Analysts shrugged off a decline in January gaming revenue. They said the Strip and statewide raw figures for the month don’t really tell the whole story.
Nevada gaming revenue declined 2.76 percent in January to $884.2 million while Strip gaming revenue fell 1.41 percent to $499.8 million.
The Gaming Control Board released the numbers Friday.
The Strip’s baccarat revenue fell 14.5 percent to $81.7 million, but the amount wagered on the game was $908.6 million, a 14.3 percent increase. The hold percentage — what the casinos won from the game versus what the players collected — was 9 percent, well below the average hold of 12.02 percent.
The monthly revenue decline from baccarat was the Strip’s first in five months. However, the game accounted for 16 percent of the Strip’s overall revenue total.
“Results were impacted by low hold and more importantly all relevant volume metrics were up nicely,” Union Gaming Group analyst Robert Shore told investors. “We think the volume numbers are encouraging and point to a pick-up in Las Vegas demand.”
Table game wagering on the Strip was up 5 percent in January while wagering on slot machines increased 7.2 percent. In both cases, the hold percentages were below the January 2013 figures.
“It was a strong month, but the casinos just didn’t hold well,” Control Board senior research analyst Michael Lawton said.
January is a typically popular month in Las Vegas, boosted by the annual New Year’s Eve celebration and special events.
Wells Fargo Securities gaming analyst Cameron Mc-Knight said the month’s wagering growth and a strong convention calendar could translate into increased nongaming revenue for the major Strip hotel operators, such as MGM Resorts International and Caesars Entertainment Corp.
JPMorgan gaming analyst Joe Greff told investors that despite the lower hold percentages, “We believe these results are actually OK.”
Greff said Wall Street likes to compare gaming results from January and February together to gauge the market’s overall health. The Chinese New Year holiday often straddles the two months.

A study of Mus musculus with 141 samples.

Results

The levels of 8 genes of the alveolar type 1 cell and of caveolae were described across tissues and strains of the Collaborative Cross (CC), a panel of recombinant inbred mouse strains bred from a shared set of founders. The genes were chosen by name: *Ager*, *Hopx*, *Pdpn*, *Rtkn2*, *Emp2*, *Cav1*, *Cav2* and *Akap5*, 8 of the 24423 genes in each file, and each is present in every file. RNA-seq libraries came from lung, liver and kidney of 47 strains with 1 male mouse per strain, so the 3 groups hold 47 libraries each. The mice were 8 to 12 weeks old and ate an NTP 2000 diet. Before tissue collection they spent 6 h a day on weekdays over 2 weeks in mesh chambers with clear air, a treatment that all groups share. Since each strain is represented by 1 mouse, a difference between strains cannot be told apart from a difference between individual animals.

February 2014, however, will include all of Chinese New Year and $19.67 million in revenue from Super Bowl wagering, a previously reported record.
“We are expecting a strong February,” Greff said. “We believe (the Strip) is generally healthy and moving in a positive direction.”
The Boulder strip’s gaming revenue fell 18 percent compared with January 2013; there was an almost 13.5 percent drop in North Las Vegas.
Two Clark County reporting areas had increases — a 4.5 percent rise in Laughlin and a less than 1 percent jump in the balance of Clark County.
Gaming revenue in Clark County as a whole declined 3.15 percent.
Meanwhile, gaming revenue in Washoe County casinos, which include those in Reno, increased 1 percent.
January marks the last month the Control Board will keep wraps on the revenue produced by the state’s online poker operations. Last week, Real Gaming, which is operated by South Point, launched its real-money operations, joining Station Casinos’ Ultimate Poker and Caesars-owned WSOP.com.
Union Gaming Group believes the results are included in the card games number for the balance of Clark County, which was up 14.7 percent to $1.6 million. Shore said the figures imply revenue of $200,000 from online poker in January.
“The recent addition of a third entrant into the market should provide increased transparency going forward,” he said.
Nevada collected $69 million in gaming taxes in February, based on January’s revenue, which was a 1.7 percent increase from a year earlier.
For the first eight months of fiscal 2014, gaming tax collections are up less than 1 percent over the same time period of fiscal 2013. However, the figures are $10.6 million, or 2.4 percent below the projections released by Nevada’s Economic Forum.
Contact reporter Howard Stutz at email@example.com or 702-477-3871. Follow @howardstutz on Twitter.